Red Ribbon Run sets example in KMC

Story and photo by Rick Scavetta
U.S. Army Garrison Kaiserslautern

Snapping the Red Ribbon Run finish line, Sgt. Joseph Campbell honored a personal commitment to his family and his community — to lead a healthy, drug and alcohol-free lifestyle.

Campbell, 32, a flight medic with the Landstuhl-based Company C, 1st Battalion, 214th Aviation Regiment, missed U.S. Army Garrison Kaiserslautern’s Red Ribbon Run last year when his unit was deployed to Southern Afghanistan. He was among 3,525 people who attended the Oct. 22 event at Rhine Ordnance Barracks, including more than 1,060 runners, 900 walkers and dozens of dogs.

Winning the race was his goal, but running among hundreds of other KMC members really sets an example for younger people, Campbell
said. When offered drugs or alcohol, the community event should serve as a reminder, he said.

“When they get to that point, they need to already have the answer to that question in their head. The answer is no,” said Campbell, a native of Juniper, Idaho. “That’s how I always lived my life. The answer was always no.”

Lt. Col. Lars Zetterstrom, U.S. Army Garrison Kaiserslautern, thanked garrison staff who worked countless hours coordinating the event — one of the largest Red Ribbon Week events in the entire Army, he said.

Warning kids about the dangers of drugs and alcohol should be as regular as inoculation campaigns in flu season, said Col. Daniel Reiser, commander of the Ramstein-based 86th Medical Operations Squadron.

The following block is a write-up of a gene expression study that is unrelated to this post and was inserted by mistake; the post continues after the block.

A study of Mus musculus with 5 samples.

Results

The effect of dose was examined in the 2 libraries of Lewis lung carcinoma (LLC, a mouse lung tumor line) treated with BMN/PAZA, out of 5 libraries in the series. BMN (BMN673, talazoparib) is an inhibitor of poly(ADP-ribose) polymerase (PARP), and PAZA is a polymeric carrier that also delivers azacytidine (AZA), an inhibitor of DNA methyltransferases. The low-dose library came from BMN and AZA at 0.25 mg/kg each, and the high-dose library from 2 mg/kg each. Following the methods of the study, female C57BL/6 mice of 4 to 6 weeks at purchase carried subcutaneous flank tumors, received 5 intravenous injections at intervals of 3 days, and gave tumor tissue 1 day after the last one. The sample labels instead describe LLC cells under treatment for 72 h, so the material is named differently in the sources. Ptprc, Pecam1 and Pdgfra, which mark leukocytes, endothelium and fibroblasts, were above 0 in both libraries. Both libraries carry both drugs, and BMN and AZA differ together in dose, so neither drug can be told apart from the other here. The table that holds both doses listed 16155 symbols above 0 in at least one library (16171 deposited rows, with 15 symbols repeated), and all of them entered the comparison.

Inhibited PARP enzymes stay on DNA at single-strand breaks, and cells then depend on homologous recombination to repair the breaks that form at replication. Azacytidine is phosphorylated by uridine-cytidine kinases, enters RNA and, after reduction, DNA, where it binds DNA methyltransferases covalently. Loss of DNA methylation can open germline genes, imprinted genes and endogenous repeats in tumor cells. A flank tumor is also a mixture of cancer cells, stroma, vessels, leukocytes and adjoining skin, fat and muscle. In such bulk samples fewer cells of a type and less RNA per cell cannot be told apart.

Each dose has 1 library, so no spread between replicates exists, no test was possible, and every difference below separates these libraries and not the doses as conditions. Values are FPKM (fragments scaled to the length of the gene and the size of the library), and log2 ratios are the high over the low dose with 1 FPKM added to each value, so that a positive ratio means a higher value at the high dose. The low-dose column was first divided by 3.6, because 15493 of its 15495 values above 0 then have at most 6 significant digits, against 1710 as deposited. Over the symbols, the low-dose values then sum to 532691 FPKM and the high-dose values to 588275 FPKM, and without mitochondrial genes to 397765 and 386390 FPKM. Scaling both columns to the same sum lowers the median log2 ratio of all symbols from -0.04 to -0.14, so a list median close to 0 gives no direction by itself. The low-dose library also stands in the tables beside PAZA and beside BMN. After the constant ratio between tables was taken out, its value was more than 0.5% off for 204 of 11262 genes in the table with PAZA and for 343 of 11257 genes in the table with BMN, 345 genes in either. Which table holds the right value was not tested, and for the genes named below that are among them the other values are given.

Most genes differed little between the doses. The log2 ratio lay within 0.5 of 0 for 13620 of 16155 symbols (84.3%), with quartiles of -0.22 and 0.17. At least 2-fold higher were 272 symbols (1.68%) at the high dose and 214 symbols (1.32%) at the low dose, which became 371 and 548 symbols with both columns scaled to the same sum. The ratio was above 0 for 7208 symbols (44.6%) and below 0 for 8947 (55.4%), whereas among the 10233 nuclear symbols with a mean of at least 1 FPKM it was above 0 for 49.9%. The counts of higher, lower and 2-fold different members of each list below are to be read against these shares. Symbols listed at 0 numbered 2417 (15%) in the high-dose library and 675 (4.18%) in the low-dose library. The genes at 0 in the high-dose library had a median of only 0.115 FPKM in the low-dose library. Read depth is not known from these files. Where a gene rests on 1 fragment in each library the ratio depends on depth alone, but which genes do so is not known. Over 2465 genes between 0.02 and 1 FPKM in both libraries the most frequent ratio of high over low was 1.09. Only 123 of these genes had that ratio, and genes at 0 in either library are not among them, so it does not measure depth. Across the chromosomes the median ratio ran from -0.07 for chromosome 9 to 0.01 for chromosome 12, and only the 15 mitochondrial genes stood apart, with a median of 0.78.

“We should be vaccinating them with knowledge so when they face a risky situation, they know how to make the right decision,” Reiser said.

Family readiness groups offered everything from bowls of chili to homemade donuts. Members of the Wiesbaden-based 4th Air Support Operations Squadron woke at 4 a.m., drove to Kaiserslautern, and began heating pea soup and grilling pork steaks for runners, said 1st Lt. Christopher Browner.

“It’s worth it,” Browner said. “We wanted to support Red Ribbon Week and a drug-free event. Keeping kids and active-duty military drug free is paramount to what we do.”

Several teen organizations also took part, including the Kaiserslautern High School step team. Cadets from the Junior Reserve Officer Training Corps posted the colors during the opening ceremony and served as course guides, said Brittany Overton, 15, a Ramstein High School sophomore. In Europe, where drugs and alcohol are easy for teens to obtain, it’s important to have awareness events to remind them of the dangers, she said.

“Everybody who showed up has shown their community and family members that they don’t like drugs in their community,” Brittany said. “It’s huge for younger people because it sets the right example.”